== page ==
Increased productivity solutions

Improving joint completion time continues to be a focal point for many arc-process OEMs, who look to maintain output quality in parallel. Lincoln Electric have recently developed Hyperfill, a twin-wire GMAW/MIG process variant offering up to a 50% increase in deposition rate (up to 11kg/hr) utilising a single power source. Along a similar vein, OTC Daihen have developed their D-Arc system to attain high joint completion rates through the application of a ‘buried arc’ capable of delivering a weld of up to 19mm-thickness in a single pass in thick-section steel.

For site welding, the Miller Arc-reach system looks to increase welding duty-cycle and productivity through local control of weld parameters, immediately next to the welder – used in conjunction with their Field-pro welding systems.

Moving from arcs to alternative process developments, Renishaw additive manufacturing (AM) systems look to remove joining from the equation where possible. Systems such as a RenAM500Q quad laser additive manufacturing system offer high build rates for complex part geometries. A diverse range of companies are now exploring performance of AM processes for specific applications and sectors with TWI as part of two TWI-led joint industry projects.

High productivity through electron beam (EB) welding is extending to out-of-chamber (low-vacuum) welding. This is linked to the development of local-vacuum systems that offer high-thickness single-pass welding (e.g. pressure vessel applications); as demonstrated by Cambridge Vacuum Engineering, with their ebflow system.

Industry 4.0

Improving productivity from a ‘digital manufacturing’ perspective, several OEMs continue to develop network-linked shop floor production systems to link and optimise design, production, quality control and maintenance activities.

The EWM Xnet 2.0 supports planning through to production; whereby CAD drawings and relevant welding data can be transmitted via LAN or Wi-Fi to welding machines. This is linked to a welding torch display configured to allow feedback to the welder on weld sequence and completion. Welding coordination personnel can view welding data and sequence plans using a tablets or smart phones linked to the same system; extending to monitoring and control of weld procedure specification and qualification data.

ESABs Weldcloud allows approved procedures and parameters to be pushed out to multiple machines on the shop floor using a 3G/Wi-Fi platform; which extends to feedback from the machines. The Fronius Weldcube system integrates documentation, production monitoring and service scheduling within one system.

Along the same lines, Air Products have developed the Q-sensor, linked to Bluetooth technology to provide ‘time-to-empty’ data via smartphone or tablet apps. This is just part of the Integra e2cylinder, developed to reduce gas usage. Early trials indicate gas use reductions of up to 50% during MAG welding of structural steel.

These developments can be incorporated into robotic welding and position systems from the likes of ABB, with their FlexArc systems. Kawasaki robots – meanwhile continue to explore the automation of novel joining processes such as refill friction stir spot welding (RFSSW).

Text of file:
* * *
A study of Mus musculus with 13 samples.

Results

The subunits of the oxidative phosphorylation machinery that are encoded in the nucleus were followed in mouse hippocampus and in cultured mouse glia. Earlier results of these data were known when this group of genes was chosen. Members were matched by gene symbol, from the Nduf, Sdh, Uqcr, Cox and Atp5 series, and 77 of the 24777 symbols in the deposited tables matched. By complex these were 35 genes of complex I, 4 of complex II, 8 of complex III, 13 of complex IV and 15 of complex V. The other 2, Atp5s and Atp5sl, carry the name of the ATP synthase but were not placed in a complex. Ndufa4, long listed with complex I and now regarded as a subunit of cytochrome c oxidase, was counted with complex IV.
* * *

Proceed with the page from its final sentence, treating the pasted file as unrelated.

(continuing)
The OTC D-Arc high weld penetration system
The OTC D-Arc high weld penetration system
Ebflow high weld penetration system
Ebflow high weld penetration system
EWM weld torch display
EWM weld torch display
Kawasaki Robotics RFSSW process
Kawasaki Robotics RFSSW process

Multi-process options

Flexibility of arc-process systems has continued to evolve. Miller offer a multi-process system in their Dynasty 280DX. It combines AC/DC/pulse TIG (GTAW), Stick (MMA) and MIG (GMAW) within a single system, for those who require multiple process options from a single system.

Mechanical Fastening

Nuts and bolts are one of the oldest technologies – the use of threads can be traced back to 400BC; but their application and development continues to this day. Some joining applications may benefit from this option, where fusion/melting of parent materials and its effect on material properties may introduce excessive risk to loss of product performance.

West Special Fasteners produce stainless steel and nickel alloy products for high-integrity applications, moving to the adoption of NORSOK standard requirements across every stage of their manufacturing process – to improve consistency and performance of the resulting products.

Maintaining Quality

High integrity welding relies on adequate monitoring, control and the application of key ancillary systems – which continue to develop in parallel with welding and joining process technology.

Minimising oxygen content when purging/shielding titanium, duplex stainless steel or other high integrity materials is essential. Products such as Huntingdon Fusion PurgEye 200 enable this by reading oxygen levels down to 1 part per million (PPM); coupled with PC-recording of data to support quality control process requirements.

For weld procedure and qualification control, TWI Welding Software offers a recently upgraded software package. It continues to combine control of welding documentation with built-in code-intelligence from ASME, EN/ISO and AWS – to ensure fabricators comply with all major codes and standards.

Health and Safety

Welding fume continues to be a risk factor within industry. To combat this, the Chartered Society for Worker Health Protection run the Breathe Freely initiative (addressing welding) aimed at reducing occupational lung disease in the UK.

For their part, OEMs are taking a dual approach of reducing fume through improved control of metal-transfer mechanisms, and innovations in fume removal. Lincoln Electrics’ Low Fume PulseTM process states a 66% reduction in fume levels compared to conventional processes; whilst increasing travel speeds and reducing spatter.